In the absence of specific details from Wal-Mart, I’ll use the economics of today’s pharmacy industry to speculate on Wal-Mart’s possible future direction.
As I explain in this post, Wal-Mart could shake up the retail pharmacy market by offering a low-cost alternative that links the PBM operation to fulfillment at a Wal-Mart pharmacy. Wal-Mart could easily deliver the $100 million in savings cited by CEO Lee Scott without a direct frontal assault on PBMs such as Express Scripts (ESRX) or Medco Health Solutions (MHS) or the big chain pharmacies such as Walgreens (WAG) or Rite-Aid (RAD). I also see a link to a possible future strategy for CVS Caremark (CVS).
FREEDOM OF PHARMACY CHOICE
Right now, those of us with third-party coverage generally pay an identical co-payment regardless of our pharmacy’s efficiency or cost structure. In my house, we typically choose where to fill a prescription based on whether it’s easier for my wife or me to pick it up.
PBMs usually provide a financial incentive to get prescriptions by mail, such as 1 or 2 co-pays for a 90 day script. But there are few, if any, financial incentives for consumers to choose one store-based pharmacy over another.
As a result, chains can blithely tell consumers with insurance to ignore the price of their prescriptions, an argument that seems curiously at odds with the trend toward consumer-driven health care decision making. Check out this Walgreens press release, which was issued when Wal-Mart launched its $4 generics program in 2006. Walgreens (WAG) advises customers to focus on “convenient locations, close-in parking and unique pharmacy services,” but ignore price.
CHOICE IS NOT FREE
As a card-carrying free-market economist, I am now required to inform you that this freedom of choice is not really cost free.
Since I have third-party coverage, I have no incentive to shop at the pharmacy with the lowest cost per prescription. All else equal, I’ll always just go where it’s convenient because my co-pay won’t change.
However, there are wide variations in costs between pharmacies. As I pointed out in Pharmacy Profits & Part D, the cost of dispensing (COD) can vary wildly between pharmacies. For example, the cost of dispensing per prescription ranged from $9 for the busiest pharmacies to $25 for the lowest volume pharmacies. (See page 18 of the complete Cost of Dispensing (COD) study.).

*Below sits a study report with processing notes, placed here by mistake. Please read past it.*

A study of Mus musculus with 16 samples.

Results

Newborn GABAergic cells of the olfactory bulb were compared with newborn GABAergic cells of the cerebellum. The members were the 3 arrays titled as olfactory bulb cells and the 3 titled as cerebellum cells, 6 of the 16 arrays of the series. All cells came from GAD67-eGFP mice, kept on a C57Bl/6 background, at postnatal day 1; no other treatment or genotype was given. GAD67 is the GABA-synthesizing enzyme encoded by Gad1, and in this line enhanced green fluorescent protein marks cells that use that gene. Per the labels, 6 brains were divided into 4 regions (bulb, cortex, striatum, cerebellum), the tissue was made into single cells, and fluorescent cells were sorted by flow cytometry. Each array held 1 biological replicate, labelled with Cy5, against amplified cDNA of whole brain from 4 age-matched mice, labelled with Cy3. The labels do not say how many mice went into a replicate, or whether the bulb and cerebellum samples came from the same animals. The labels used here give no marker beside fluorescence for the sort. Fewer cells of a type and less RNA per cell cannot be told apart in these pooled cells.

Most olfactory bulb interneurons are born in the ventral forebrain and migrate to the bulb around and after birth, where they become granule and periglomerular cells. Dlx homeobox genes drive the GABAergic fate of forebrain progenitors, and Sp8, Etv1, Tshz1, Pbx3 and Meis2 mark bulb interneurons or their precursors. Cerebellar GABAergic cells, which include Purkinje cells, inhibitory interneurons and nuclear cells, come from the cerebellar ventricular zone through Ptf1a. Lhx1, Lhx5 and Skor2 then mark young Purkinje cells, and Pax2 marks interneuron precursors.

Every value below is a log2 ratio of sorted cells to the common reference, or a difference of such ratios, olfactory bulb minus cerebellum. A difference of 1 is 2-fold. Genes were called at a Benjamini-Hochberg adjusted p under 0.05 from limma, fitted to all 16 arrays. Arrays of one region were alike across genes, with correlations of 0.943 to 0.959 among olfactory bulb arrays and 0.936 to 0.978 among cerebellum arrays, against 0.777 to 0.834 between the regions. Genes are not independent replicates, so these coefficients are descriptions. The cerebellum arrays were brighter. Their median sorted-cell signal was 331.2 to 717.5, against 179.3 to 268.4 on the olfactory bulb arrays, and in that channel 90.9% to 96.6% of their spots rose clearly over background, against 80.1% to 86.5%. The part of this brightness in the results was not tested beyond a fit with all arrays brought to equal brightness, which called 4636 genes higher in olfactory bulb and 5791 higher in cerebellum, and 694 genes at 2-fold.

Yes, you read correctly – the variance in cost was $16 per prescription.
This variation is not surprising (at least to an economist). Put aside the cost of the drug (ingredient cost) for a minute and just think about the operating costs. Pharmacies have high fixed costs relative to the incremental (marginal) costs of dispensing because certain factors are required regardless of volume – a pharmacy license, pharmacists, insurance, rent, etc. In other words, filling the first prescription is very expensive, while filling the second prescription is not. A pharmacy that fills more prescriptions will see average cost per prescription go down, even if marginal cost remains constant.
Basically, both the marginal cost of dispensing and the ingredient costs were relatively low.
WAL-MART'S GAME PLAN?
I don’t think that Wal-Mart will go after the mainstream PBM business. Instead, they could offer a low-cost alternative that links the PBM operations to fulfillment at a Wal-Mart pharmacy. Such an approach would present a familiar trade-off for the employer:
- Give your beneficiaries freedom of pharmacy choice and pay $X.
- Restrict choice to our more efficient (Wal-Mart) pharmacies and pay less than $X.
Here’s some illustrative math:
- Store-based (non-mail order) retail pharmacies – chains, independents, supermarkets, and mass merchants -- filled about 3.2 billion scripts in 2006. Aggregate Gross Profits on Prescriptions (Revenues minus Costs of Goods) at store-based pharmacies were about $47 billion in 2006. Thus, Average Gross Per Script in 2006 ~ $14.30.
- Let’s say Wal-Mart uses its PBM to redirect 1 percent of these prescriptions (32 million) to its stores. That’s $455.4 million in gross profits ($14.30 x 32 million).
- If Wal-Mart is willing to accept $11.00 in gross profit per script, then total savings to the employer are $105 million.
Now here’s the real question: Will CVS Caremark (CVS) try to roll out something similar to link PBMs and retail fulfillment?